At 23 years old, I was terrified of being impolite.

Welp, toxic masculinity ruins the party again. 

Today’s perpetrator just happens to be one of the most powerful movie executives in Hollywood: Harvey Weinstein, a man who has been thanked more times than God at the Academy Awards. The same man who has had rumors of sexual assault surrounding him for over twenty years. And as we’ve all recently been made aware, these allegations are finally coming to light, as the list of offenses continues to grow.  

Long before I decided to pursue my studies and eventual career in film, I had a vague idea of Weinstein as ‘the man who would fund my movies someday.’ I equated the Weinstein name with success, both commercial and financial. And maybe it was my naiveté, lack of experience, or age, but I never once stopped to consider that he—or anyone for that matter—might want something out of me in return. I was raised to believe in fairness, honesty, and merit-based reward. 

Work hard, be kind, and reap the benefits.

And then I joined the entertainment industry….

Women in all industries have been subjected to varying degrees of this sexism. Click To Tweet

Fresh to Los Angeles at 23, I auditioned for a local theater production. I received a phone call the next day from the director, not to offer me a callback, but because he had seen something in me—untapped potential, talent, promise. He wanted to personally mentor me. I looked up his credentials and discovered that he was a popular character actor with years of experience.

David (name changed) insisted that I meet him at a Starbucks between our two neighborhoods. That morning, giddy with excitement at being “discovered,” I called my mom with the news.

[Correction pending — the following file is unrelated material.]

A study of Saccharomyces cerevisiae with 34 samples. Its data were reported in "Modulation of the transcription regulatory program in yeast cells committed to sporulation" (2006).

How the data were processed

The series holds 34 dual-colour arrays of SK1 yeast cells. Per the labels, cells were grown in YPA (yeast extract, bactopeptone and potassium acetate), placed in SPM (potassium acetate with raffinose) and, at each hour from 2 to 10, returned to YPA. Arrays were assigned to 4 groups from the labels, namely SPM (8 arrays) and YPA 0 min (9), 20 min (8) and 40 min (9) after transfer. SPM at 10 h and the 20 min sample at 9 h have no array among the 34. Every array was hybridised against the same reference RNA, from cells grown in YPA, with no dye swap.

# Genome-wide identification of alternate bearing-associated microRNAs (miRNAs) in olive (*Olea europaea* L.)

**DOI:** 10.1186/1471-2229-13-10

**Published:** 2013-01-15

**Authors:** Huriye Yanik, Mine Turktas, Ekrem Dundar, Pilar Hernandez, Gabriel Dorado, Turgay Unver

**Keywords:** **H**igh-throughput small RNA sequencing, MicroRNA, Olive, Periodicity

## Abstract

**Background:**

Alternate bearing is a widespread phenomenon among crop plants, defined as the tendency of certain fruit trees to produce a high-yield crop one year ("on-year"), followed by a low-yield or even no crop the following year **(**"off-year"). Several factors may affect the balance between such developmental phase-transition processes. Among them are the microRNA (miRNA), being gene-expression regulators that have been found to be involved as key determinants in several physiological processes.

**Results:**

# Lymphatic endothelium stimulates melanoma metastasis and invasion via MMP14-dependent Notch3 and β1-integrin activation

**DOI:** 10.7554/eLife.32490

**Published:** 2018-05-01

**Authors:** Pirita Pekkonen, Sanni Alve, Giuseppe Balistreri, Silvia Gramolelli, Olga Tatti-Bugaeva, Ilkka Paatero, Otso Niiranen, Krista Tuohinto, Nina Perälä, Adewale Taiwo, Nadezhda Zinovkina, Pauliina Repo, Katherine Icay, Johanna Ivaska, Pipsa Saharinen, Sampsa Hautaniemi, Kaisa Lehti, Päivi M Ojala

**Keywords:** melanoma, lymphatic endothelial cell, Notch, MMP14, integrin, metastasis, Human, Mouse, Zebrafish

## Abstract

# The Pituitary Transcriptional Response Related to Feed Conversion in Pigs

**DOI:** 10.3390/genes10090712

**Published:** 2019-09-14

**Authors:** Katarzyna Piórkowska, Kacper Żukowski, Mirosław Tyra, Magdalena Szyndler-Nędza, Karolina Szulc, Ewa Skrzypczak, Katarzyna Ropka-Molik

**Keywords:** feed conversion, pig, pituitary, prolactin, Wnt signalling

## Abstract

The first words out of her mouth were, “Well, that’s what people thought about Bill Cosby.” I dismissed her paranoia but her statement still lingered.

When I got to Starbucks, I noticed how David openly stared at women and mentioned how attractive they were. As a woman, every time a man mentions how attractive another woman is, my knee-jerk reaction is to clock all the ways in which I’m not and to compare myself to them to see where I’m lacking. But then I thought, who says that at a business meeting? Red flag.

I dismissed her paranoia but her statement still lingered. Click To Tweet

We passed a table where a woman was sitting with her phone on a cordless charging station. He leaned over her and asked, “Did you know that the closer those things are to your crotch, the more they can cause reproductive damage?”

Both us girls politely laughed, but I became extremely self-conscious. Was this how my potential boss was going to act? Or worse, did that woman think I was with him?! 

Red flags, plural.

Finally, while waiting for the drinks, David told me to go grab a table outside. RED. FUCKING. FLAG. “Bill Cosby” was ringing in my brain like alarm bells. David returned with my coffee, which I did not touch for the duration of the meeting. 

A fact he noticed and commented on. 

But, in another effort to avoid pissing off the industry professional, I laughed it off and made up an excuse.

The rest of the meeting felt like a very uncomfortable first date. Click To Tweet

The rest of the meeting felt like a very uncomfortable first date, complete with him telling me about his divorce, the subsequent women he banged, how I was close to his children’s age, and—cherry on top—putting his hand on my thigh. The day ended with him giving me a copy of a script he brought and me walking two blocks out of my way so he wouldn’t see my car or try to follow me home.

This the first time I’ve ever spoken about this meeting, and I still beat myself up about not calling him out when I had the chance. 

But at 23, I was afraid of being impolite.

Here’s the thing, fuck politeness.

Women in all industries have been subjected to varying degrees of this rampant sexism. Like me. Like my friend who was roofied at a wrap party by the show’s producer. Like Kesha. Like Taylor. Like the other 321,496 victims who will be assaulted this year alone.

The Hollywood Reporter tweeted earlier this week how Ben Affleck, among many male celebrities, was horrified at the Weinstein accusations. 

Hey Ben, are you also horrified by your brother? Because if it’s not Harvey, it’s Casey. And ‘David’. And Roman. And Woody. And Donald. And countless others. 

And it is unacceptable.

 


GraceCarini

GraceCarini

Grace is a Chicago native and works in film and television production. She is a graduate of the University of Notre Dame but still doesn’t understand football. Her personal heroes are Kristen Wiig and Lady Gaga.